Grace Prosniewski: Banned Books Week reminds us of censorship past and present

By Grace Prosniewski , Daily Literary Columnist
Published September 29, 2014

Another week, another literary-based campaign for my fellow bibliophiles and I to relish in. Last week marked the American Library Association’s annual Banned Books Week, an event that brings together librarians, teachers and readers to celebrate the freedom to read, and call attention to censorship.

Banned Books Week started in 1982 as a response to an explosion of challenges to books in schools and libraries. And thus Banned Books Week came to join the 1984 Detroit Tigers, John Hughes movies and the destruction of disco as the only good things to come out of the 80s.

And if you think that book banning is a thing of the past, think again. In 2013, most states had reported challenges: Texas, Oregon and North Carolina led the way with over ten challenges each. In fact, Texas had 114 book challenges in total. Oh Texas, do you ever turn down?

So why do people continue to try to ban books? Well if you can tune out the shrill cries of “Won’t somebody think of the children!” the answer is the same as it’s always been. People use censorship as a way of maintaining and asserting their own moral and/or ideological view by condemning any challenge or critique of their position that could pose a threat. Basically, when you control books, you control information. Bonus points if you read that last line like Newman from Seinfeld.

Sometimes the reasons given for a challenge are comically bizarre, specifically on the grounds of occultism. Excuse me if I think it a bit far-fetched that dark religious orders are trying to lure children into depravity with works such as “A Wrinkle in Time,” “The Giver” and, of course, everybody’s favorite subtly-promoting-satanism poster boy, “Harry Potter.” Never mind that “Harry Potter” inspired in an entire generation a love of reading, or that the essential point of the entire series is that good conquers evil, and love is more powerful than hate. No, any form of magic, regardless of its contextual basis, equals an affiliation with those pesky satanists (#evangelicalthoughtprocess).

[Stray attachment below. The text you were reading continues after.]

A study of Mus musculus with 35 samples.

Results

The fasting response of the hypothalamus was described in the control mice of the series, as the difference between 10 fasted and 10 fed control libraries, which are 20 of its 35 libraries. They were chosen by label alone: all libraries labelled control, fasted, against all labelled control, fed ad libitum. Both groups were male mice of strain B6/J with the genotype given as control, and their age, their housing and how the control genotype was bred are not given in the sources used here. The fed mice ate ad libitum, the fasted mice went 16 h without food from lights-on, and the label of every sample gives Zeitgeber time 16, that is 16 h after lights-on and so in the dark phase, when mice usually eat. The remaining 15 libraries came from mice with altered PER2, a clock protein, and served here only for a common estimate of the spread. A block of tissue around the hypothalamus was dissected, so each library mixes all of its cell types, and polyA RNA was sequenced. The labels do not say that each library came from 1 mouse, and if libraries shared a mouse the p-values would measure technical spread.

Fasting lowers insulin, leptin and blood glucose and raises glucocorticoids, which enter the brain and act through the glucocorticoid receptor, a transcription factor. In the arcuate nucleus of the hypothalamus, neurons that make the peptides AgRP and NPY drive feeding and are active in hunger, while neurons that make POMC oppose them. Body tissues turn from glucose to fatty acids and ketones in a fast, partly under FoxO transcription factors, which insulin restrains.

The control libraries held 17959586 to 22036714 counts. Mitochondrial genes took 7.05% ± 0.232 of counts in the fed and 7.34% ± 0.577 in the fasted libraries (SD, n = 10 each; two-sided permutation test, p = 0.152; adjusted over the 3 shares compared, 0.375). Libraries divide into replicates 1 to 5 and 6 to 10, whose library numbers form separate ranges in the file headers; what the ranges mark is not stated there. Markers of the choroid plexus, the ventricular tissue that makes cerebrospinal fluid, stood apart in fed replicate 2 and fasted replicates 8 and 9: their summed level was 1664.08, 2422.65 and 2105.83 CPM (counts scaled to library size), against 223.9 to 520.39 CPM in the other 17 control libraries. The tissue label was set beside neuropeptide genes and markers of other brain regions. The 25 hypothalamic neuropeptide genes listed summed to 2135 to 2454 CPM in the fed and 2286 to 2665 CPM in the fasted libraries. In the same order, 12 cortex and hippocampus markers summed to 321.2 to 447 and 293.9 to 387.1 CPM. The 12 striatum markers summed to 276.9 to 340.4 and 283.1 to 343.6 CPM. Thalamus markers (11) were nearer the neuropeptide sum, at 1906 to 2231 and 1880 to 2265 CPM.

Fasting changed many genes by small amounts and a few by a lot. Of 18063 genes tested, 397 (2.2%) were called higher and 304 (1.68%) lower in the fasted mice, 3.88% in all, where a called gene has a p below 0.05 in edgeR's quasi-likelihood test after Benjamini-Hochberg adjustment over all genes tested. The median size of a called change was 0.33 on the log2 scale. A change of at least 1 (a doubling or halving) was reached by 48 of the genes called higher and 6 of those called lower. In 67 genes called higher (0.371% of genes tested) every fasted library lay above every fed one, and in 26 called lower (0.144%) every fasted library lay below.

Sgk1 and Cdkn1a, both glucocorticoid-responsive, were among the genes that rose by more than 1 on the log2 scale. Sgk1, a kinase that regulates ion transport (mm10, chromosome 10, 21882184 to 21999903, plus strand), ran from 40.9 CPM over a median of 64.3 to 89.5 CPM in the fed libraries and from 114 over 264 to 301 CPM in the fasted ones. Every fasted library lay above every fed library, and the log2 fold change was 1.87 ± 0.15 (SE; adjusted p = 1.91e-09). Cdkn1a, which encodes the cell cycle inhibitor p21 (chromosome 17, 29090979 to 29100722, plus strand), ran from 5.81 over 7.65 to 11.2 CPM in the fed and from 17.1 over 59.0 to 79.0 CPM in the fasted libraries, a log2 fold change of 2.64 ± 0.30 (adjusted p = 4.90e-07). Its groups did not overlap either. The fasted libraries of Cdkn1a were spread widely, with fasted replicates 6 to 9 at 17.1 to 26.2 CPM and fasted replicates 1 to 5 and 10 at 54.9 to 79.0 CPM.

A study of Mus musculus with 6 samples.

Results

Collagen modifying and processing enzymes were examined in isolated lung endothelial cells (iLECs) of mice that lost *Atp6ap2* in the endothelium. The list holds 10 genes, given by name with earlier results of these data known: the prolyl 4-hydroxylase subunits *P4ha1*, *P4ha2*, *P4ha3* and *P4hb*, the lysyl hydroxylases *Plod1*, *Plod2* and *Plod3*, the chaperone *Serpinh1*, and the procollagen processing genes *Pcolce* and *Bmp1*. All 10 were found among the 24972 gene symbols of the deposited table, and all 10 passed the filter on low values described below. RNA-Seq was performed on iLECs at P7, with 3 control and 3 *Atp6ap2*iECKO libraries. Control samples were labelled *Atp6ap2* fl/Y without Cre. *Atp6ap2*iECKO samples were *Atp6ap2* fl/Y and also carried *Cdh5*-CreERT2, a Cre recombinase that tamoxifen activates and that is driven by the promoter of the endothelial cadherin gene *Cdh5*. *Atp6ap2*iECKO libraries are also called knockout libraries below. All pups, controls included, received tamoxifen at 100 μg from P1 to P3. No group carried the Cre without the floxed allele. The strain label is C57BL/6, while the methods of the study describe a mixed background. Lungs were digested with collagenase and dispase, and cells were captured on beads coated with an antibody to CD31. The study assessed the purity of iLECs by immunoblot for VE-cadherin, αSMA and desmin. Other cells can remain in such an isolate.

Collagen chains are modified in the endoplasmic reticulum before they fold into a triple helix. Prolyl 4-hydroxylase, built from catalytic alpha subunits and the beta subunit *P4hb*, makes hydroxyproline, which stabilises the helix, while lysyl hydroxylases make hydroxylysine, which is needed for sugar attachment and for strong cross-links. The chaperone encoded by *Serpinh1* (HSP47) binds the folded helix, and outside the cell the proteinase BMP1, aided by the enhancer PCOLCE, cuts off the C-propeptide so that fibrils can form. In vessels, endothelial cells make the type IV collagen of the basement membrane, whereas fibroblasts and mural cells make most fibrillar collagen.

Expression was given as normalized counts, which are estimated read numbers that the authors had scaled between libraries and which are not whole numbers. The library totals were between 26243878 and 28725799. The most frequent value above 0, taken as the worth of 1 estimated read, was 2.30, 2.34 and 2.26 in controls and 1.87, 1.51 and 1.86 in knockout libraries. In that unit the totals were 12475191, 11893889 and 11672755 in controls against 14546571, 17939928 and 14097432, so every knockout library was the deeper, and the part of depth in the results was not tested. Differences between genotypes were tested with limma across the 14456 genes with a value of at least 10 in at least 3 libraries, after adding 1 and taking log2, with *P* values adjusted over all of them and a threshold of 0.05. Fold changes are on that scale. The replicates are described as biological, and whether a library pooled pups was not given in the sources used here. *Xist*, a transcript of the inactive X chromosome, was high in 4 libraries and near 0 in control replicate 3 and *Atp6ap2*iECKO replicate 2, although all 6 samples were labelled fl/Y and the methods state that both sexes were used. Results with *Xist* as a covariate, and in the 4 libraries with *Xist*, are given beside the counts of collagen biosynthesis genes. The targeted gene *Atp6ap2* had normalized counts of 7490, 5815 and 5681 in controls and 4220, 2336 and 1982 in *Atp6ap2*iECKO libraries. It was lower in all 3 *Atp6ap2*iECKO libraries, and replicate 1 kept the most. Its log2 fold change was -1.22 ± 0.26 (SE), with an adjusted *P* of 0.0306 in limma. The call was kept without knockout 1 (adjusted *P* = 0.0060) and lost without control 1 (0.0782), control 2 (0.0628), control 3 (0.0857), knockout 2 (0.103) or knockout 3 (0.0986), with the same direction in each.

Then there are the challenges that are so painfully ironic, they too are almost laughable. “Fahrenheit 451,” an entire novel dedicated to exposing the problematic nature of censorship of dissent and book burning, has been challenged for obscenity and for a description of a Bible being burned. It’s a metaphor, you potato with eyes! Dystopian novels, such as “1984” and “Brave New World,” are, in general, great fodder for banning, as their anti-authoritarian themes blatantly question the status quo.

Of course, there are the book challenges that are also down right baffling. “The Wizard of Oz” has been challenged throughout the last century for numerous reasons, including for depicting women in strong leadership roles. Dorothy tries to lean-in and she gets banned? Even “Anne Frank: The Dairy of a Young Girl” was challenged for some sexually explicit detail. So the heartbreaking and yet inspiring true story of a girl who hid from the Nazis for two years and still believed in the innate goodness of people is tossed out because of a few lines about sexual anatomy? Don’t mind me, I’ll just be continually banging my head against the wall.

Now the truly dangerous book challenges are the ones that seem almost understandable. “The Da Vinci Code,” “Fifty Shades of Grey,” “Twilight”: Are they god-awful? Yes, most emphatically, yes. Is reading any one of them akin to drowning in a cesspool of poorly written prose and terribly problematic characters and themes? Again, yes. But do they deserve to be banned? No, because, as Noam Chomsky said, “If we don’t believe in freedom of expression for people we despise, we don’t believe in it at all.” You got lucky this time, Meyer.

The three most common reasons for a book to be challenged are if it is sexually explicit, contains offensive language or is unsuited for the age group.

From our Puritan forefathers to our loony lawmakers, Americans love to lose their minds over sex, namely by banning works that even remotely touch on the subject. And of course, teenagers would never, ever think about sex without direct prodding from John Green, that bespectacled scoundrel. In fact, a book doesn’t even need to mention sex to get challenged for obscenity, as was the case for “The Scarlet Letter.” Now look, I’m a pretty tolerant person, but when someone goes after Nathaniel Hawthorne, well even I have my limits.

One of the most frequently banned books is, I kid you not, “Captain Underpants.” Please, if you ever feel the urge to crusade against a children’s chapter book for its mention of undergarments, go to your mirror and take a long, hard look at yourself. Even critically acclaimed works like Toni Morrison’s “The Bluest Eye” and Alice Walker’s “The Color Purple” have been challenged and subsequently banned for offensive language.

The just-vague-enough claim of a book being unsuited to age group operates as both a catchall and a cop-out. It’s the thing a challenger claims when they don’t have another leg to stand on. What makes them qualified to speak for an entire age group they’re not a part of and realistically only have antidotal information of said group to draw from? Oh right, nothing.

If you don’t want your children exposed to certain themes and thus certain books, fine. I don’t agree, but it’s your life/progeny. I’m not going to force feed your children controversial books in some sort of Clockwork Orange-esque scenario. But libraries and schools aren’t here to comfort your ignorance. To deny someone else a book based on your personal sensitivities is the height of sanctimonious presumption. In short, stop being a tool, and read banned books.